Iowa had the eighth highest rate of new cases of COVID-19 in the country last week, according to the most recent White House Coronavirus Task Force report. The report, delivered to the state on Sunday and obtained by ABC News on Wednesday, warned that 90 percent of Iowa counties are experiencing “moderate or high levels of community transmission.”
“Iowa had 238 new cases per 100,000 population in the last week, compared to a national average of 117 new cases per 100,000 population,” the report said.
The task force recommended, as it has in prior weeks, that the state government take more action to stop the spread of the virus: “Mitigation efforts must be strengthened in areas with increasing cases and positivity.”
Gov. Reynolds was asked by reporters on Thursday morning if she plans to implement any new mitigation efforts to stem the spread of COVID-19.
“Right now, we’re not,” Reynolds said.
The governor, who has not held a news conference this week — despite such major news as the state twice setting new highs for the number of hospitalized COVID-19 patients and Iowa Auditor Rob Sand concluding she has misused $21 million in federal funds meant for pandemic-related expenses — spoke to reporters briefly after a Thursday morning campaign rally for Sen. Joni Ernst in Ankeny.
As she has since the virus was first confirmed in Iowa on March 8, Reynolds focused on hospital resources available to treat patients, rather efforts to prevent people from becoming infected.
“Right now the hospitals are assuring us that they have the resources to manage the numbers,” the governor said.
But an infectious disease specialist at University of Iowa Hospital and Clinics has a very different view.
“Mopping up is good, but you want to turn off the faucet before you go and mop up,” Dr. Jorge Salinas, who is also a clinical assistant professor at the UI Carver School of Medicine, told WOI-TV. “You can’t expect your hospitals to mop up after you week after week, month after month.”
Salinas called the sort of community spread Iowa is currently experiencing “the most concerning” type of transmission.
The doctor was interviewed on Tuesday, after Iowa had set a new record with 501 hospitalized COVID-19 patients. That record was broken the next day when there were 534 COVID-19 patients in Iowa hospitals.
“It’s clear that banking on personal responsibility is not enough,” Salinas said, referring to the governor’s preferred approach of just trusting Iowans to do the right thing. “We have to start implementing public health measures. These public health measures are not new, unique or odd.”
Salinas pointed to the recommendations the White House Coronavirus Task Force has repeatedly made, which include mandating face masks, as well as greater restrictions on public gatherings and businesses where people gather than the governor has put in place.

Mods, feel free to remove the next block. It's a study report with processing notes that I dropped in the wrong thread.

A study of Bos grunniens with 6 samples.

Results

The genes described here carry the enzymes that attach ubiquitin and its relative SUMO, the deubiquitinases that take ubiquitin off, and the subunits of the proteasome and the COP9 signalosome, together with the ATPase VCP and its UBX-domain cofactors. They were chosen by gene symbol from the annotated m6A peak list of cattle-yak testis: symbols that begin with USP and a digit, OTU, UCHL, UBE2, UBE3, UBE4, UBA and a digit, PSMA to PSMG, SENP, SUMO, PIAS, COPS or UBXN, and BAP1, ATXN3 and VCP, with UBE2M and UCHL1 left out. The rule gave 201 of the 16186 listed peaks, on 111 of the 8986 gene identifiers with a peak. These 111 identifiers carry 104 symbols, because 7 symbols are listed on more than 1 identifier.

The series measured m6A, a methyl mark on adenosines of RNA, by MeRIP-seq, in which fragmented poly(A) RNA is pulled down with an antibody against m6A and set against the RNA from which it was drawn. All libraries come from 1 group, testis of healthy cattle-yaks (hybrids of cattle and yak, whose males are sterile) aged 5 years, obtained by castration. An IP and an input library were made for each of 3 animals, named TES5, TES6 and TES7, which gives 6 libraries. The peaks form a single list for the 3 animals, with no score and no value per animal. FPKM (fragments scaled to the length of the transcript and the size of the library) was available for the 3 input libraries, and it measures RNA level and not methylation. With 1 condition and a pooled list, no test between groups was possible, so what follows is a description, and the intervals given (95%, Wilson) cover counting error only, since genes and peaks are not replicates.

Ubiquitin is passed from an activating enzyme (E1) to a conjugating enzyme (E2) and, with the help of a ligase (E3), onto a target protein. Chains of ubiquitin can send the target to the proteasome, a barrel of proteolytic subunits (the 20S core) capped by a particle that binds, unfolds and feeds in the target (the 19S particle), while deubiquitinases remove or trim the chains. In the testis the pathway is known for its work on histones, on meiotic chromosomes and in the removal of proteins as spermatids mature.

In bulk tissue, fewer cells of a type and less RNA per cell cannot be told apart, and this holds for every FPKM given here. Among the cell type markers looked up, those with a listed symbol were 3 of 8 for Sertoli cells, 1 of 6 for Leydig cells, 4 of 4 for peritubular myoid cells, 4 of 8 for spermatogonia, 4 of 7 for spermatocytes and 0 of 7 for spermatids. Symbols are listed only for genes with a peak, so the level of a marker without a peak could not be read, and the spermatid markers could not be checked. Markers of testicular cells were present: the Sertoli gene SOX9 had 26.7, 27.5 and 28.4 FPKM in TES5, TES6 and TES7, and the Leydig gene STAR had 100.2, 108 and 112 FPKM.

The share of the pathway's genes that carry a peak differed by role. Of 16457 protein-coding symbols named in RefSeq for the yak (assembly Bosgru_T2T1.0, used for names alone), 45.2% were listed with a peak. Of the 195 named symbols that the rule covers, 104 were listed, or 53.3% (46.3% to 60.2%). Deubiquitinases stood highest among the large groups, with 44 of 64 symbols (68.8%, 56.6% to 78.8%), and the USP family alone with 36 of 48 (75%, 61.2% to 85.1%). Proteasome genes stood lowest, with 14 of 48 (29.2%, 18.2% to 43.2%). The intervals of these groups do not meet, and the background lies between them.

“Our state has decided not to implement those,” the doctor said. “We are seeing the results of that.”
The Iowa Department of Public Health reported on Thursday that another 1,401 Iowans tested positive for COVID-19 during the 24-hour period ending at 10 a.m. The newly reported cases include 32 residents of Johnson County and 76 residents of Linn County.
Hospitalizations declined by four patients since the record-setting number on Wednesday. Of the 530 COVID-19 patients IDPH reported hospitalized on Thursday, 135 were being treated in intensive care units.
Between 10 a.m. on Wednesday and 10 a.m. on Thursday, IDPH reported another 15 deaths from the virus. Among the deceased was a resident of Linn County. These deaths increased the state’s COVID-19 death toll to 1,594.
“Our leaders need to start reacting more aggressively to the pandemic, in a smart way,” Salinas said during his interview with WOI-TV. “Nobody’s saying you have to shut down the entire state.”
He cautioned it was important to get virus spread under control before winter comes and people are forced into more indoor settings where COVID-19 spreads more easily, because anyone infected with the virus faces a wide variety of risks.
“There are no known treatments to prevent the progression of the disease,” Salinas said. “Once you have COVID, it’s a roller coaster, you don’t know what’s going to happen to you.”
“So, your best bet is to aim to not get it.”
Salinas said it’s not too late for Iowa to improve how it is handling the virus.
“That’s the beauty of public health, you can always change,” he said. “There’s always something that you can implement.”
Even if the state’s political leaders refuse to act, individuals and communities can still follow the sort of advice the task force is recommending to help reduce their chances of contracting or spreading the virus, Salinas said.
“It’s a game of solidarity, and we’re all in this together.”